Monday, 22 July 2013

Brinjal and the Raman Effect

One day Tenali Raman wanted to eat Brinjal made by his wife. He went to the market to buy Brinjal. But, unfortunately, there was no Brinjal in the market that day. Raman did not know what to do! He went around asking people if there was some problem with Brinjal and why there were none in the market. And during the course of a chat he had with an acquaintance, he came to know that the Brinjal in the king’s palace garden were the tastiest in the kingdom. 

Tenali Raman yielded to his temptation and went back home with a plan in his mind. He told his wife to keep the masala for the Brinjal ready. When it became dark, Raman sneaked into the garden and took as many of the eggplant as he could gather. He went home and asked his wife to make the dish. 

The Brinjal Temptation!

Being a good father, he did not want his son to miss out on the delicacy. Yet he could not take the risk of letting his son know that the dish was made at home. Raman woke his son and took him out to the garden. He sprinkled water all over the sleepy boy’s head and told him it was raining heavily. The boy, being in a sleepy mood, did not question his father. He followed his father into the house. By then Raman’s wife finished cooking and they all ate to their heart’s content.

The next day Raman went to the court only to meet an irate King Krishnadevaraya. Some men were standing in front of the King, hands folded. One look at them and Raman knew that these were the men with whom he had conversations about Brinjal the previous day.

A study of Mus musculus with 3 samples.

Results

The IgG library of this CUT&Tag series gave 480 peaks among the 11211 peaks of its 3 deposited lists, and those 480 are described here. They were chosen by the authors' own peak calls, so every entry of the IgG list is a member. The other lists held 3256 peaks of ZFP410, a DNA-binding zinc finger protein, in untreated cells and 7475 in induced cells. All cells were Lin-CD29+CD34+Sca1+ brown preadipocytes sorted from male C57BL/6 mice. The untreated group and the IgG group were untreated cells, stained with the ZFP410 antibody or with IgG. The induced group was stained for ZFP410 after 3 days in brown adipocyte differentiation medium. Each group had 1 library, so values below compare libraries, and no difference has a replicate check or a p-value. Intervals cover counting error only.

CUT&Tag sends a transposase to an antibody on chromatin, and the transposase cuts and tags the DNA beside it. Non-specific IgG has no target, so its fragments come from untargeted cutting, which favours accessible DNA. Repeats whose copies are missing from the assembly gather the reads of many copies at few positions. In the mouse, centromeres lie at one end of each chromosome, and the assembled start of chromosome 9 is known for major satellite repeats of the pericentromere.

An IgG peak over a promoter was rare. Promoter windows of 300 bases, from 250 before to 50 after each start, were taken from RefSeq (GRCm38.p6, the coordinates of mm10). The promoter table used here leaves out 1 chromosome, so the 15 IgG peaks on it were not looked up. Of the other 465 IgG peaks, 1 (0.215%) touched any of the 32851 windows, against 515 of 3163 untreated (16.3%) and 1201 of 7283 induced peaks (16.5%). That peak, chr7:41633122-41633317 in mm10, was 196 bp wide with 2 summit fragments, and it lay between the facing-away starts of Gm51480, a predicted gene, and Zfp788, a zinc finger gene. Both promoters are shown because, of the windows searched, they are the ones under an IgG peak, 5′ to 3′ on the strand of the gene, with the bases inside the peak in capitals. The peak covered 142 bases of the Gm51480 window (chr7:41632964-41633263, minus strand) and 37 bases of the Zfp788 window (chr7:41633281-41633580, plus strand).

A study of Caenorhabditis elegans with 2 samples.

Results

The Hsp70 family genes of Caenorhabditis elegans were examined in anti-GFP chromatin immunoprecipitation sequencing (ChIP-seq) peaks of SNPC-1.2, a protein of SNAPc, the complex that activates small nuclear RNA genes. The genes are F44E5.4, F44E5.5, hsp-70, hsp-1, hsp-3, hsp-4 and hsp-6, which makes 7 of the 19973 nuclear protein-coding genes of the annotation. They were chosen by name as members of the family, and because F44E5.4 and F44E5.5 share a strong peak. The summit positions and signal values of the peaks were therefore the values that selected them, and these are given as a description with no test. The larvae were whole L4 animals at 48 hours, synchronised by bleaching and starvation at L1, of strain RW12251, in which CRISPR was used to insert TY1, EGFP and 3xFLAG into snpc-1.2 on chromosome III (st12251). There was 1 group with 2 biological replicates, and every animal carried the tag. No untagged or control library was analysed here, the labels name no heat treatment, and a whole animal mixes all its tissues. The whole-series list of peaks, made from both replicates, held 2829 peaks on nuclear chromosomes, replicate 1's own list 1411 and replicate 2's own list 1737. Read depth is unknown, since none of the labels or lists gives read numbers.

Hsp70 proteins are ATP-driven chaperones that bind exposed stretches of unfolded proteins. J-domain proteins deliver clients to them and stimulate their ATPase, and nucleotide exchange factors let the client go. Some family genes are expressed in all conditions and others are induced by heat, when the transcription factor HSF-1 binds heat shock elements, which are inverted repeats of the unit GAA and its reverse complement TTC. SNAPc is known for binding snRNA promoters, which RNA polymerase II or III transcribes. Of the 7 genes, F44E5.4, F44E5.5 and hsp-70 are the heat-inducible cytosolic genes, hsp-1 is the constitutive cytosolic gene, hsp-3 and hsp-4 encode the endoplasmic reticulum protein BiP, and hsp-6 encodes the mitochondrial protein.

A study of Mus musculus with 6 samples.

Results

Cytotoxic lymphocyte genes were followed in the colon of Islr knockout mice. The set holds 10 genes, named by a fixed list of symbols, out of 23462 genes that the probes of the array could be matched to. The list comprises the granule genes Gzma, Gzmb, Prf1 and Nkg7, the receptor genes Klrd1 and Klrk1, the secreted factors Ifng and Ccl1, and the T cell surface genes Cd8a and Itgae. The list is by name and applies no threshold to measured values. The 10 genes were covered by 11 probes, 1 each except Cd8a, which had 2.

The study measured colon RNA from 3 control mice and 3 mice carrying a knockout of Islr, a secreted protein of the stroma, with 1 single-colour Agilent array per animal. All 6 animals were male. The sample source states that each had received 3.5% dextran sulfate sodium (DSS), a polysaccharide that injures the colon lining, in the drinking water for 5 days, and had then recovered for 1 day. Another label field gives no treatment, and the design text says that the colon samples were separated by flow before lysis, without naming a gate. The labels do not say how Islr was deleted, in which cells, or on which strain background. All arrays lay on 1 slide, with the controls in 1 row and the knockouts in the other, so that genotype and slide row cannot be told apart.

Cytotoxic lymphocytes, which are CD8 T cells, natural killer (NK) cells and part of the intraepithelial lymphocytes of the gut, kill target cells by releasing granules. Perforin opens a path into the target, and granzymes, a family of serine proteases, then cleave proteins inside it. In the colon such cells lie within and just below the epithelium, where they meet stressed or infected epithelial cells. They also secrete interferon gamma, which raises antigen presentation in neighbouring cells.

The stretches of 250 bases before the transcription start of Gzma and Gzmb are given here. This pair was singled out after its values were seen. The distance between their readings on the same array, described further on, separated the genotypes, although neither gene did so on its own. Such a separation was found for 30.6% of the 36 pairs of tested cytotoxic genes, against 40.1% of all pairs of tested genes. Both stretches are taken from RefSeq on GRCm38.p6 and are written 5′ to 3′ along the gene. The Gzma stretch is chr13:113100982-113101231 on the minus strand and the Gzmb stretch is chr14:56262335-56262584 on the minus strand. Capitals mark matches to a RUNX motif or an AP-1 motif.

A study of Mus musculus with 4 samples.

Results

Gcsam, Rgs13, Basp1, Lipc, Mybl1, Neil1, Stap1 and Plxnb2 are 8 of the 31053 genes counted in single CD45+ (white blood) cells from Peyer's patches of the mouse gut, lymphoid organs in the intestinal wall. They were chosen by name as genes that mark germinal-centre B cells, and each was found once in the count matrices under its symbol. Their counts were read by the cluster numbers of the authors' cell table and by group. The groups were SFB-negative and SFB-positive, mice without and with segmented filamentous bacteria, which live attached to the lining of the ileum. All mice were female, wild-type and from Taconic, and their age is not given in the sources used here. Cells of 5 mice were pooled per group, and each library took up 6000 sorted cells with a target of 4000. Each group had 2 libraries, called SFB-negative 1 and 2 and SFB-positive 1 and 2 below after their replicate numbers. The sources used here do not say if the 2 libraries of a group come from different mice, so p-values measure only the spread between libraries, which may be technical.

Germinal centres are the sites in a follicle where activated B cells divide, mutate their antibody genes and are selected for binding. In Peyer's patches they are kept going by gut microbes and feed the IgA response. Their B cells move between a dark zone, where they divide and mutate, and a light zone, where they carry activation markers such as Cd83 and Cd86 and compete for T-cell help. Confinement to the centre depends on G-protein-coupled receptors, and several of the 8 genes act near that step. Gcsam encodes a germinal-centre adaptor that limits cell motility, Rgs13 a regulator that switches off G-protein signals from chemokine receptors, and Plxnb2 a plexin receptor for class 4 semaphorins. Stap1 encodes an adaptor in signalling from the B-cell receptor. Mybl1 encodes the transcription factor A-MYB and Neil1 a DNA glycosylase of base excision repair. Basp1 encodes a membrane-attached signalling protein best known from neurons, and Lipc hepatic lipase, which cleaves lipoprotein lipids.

Raman stood in front of the King, bowed obediently, and walked across to occupy his chair. The King asked Raman if he had eaten Brinjal the previous day and where he had procured it from. Raman kept silent and just told the King that he never bothered about what he ate and just ate whatever his wife served him. 

The King then summoned his wife, who promptly denied it and said that she prepared whatever her husband bought from the market.  The King understood that neither of them was lying and it would be difficult to question them further.So the King sent for Raman’s son. Raman’s son came to the court, looking puzzled. Raman stepped out and walked up to the King and told the King that his son has not been feeling well in quite some time. 

“My Lord”, said Raman, “he has been dreaming quite a lot these days and talks irrelevantly. I have been planning to take him to the medical practitioner” said Raman, very convincingly.

The King ignored Raman’s words and asked the boy if he had eaten Brinjal the previous day. The innocent boy told the king that he indeed had Brinjal the previous day. The King prompted the boy to recall correctly before giving an answer.The boy was absolutely sure that he had Brinjal the previous night. “In fact”, said the boy, "it was raining pretty heavily and I could not sit outside the house and eat and hence came into the house to eat it” blurted the little boy.

The entire court, the King included, found it difficult to contain their laughter!

The resistance coefficient for such good looking brinjals is extremely low!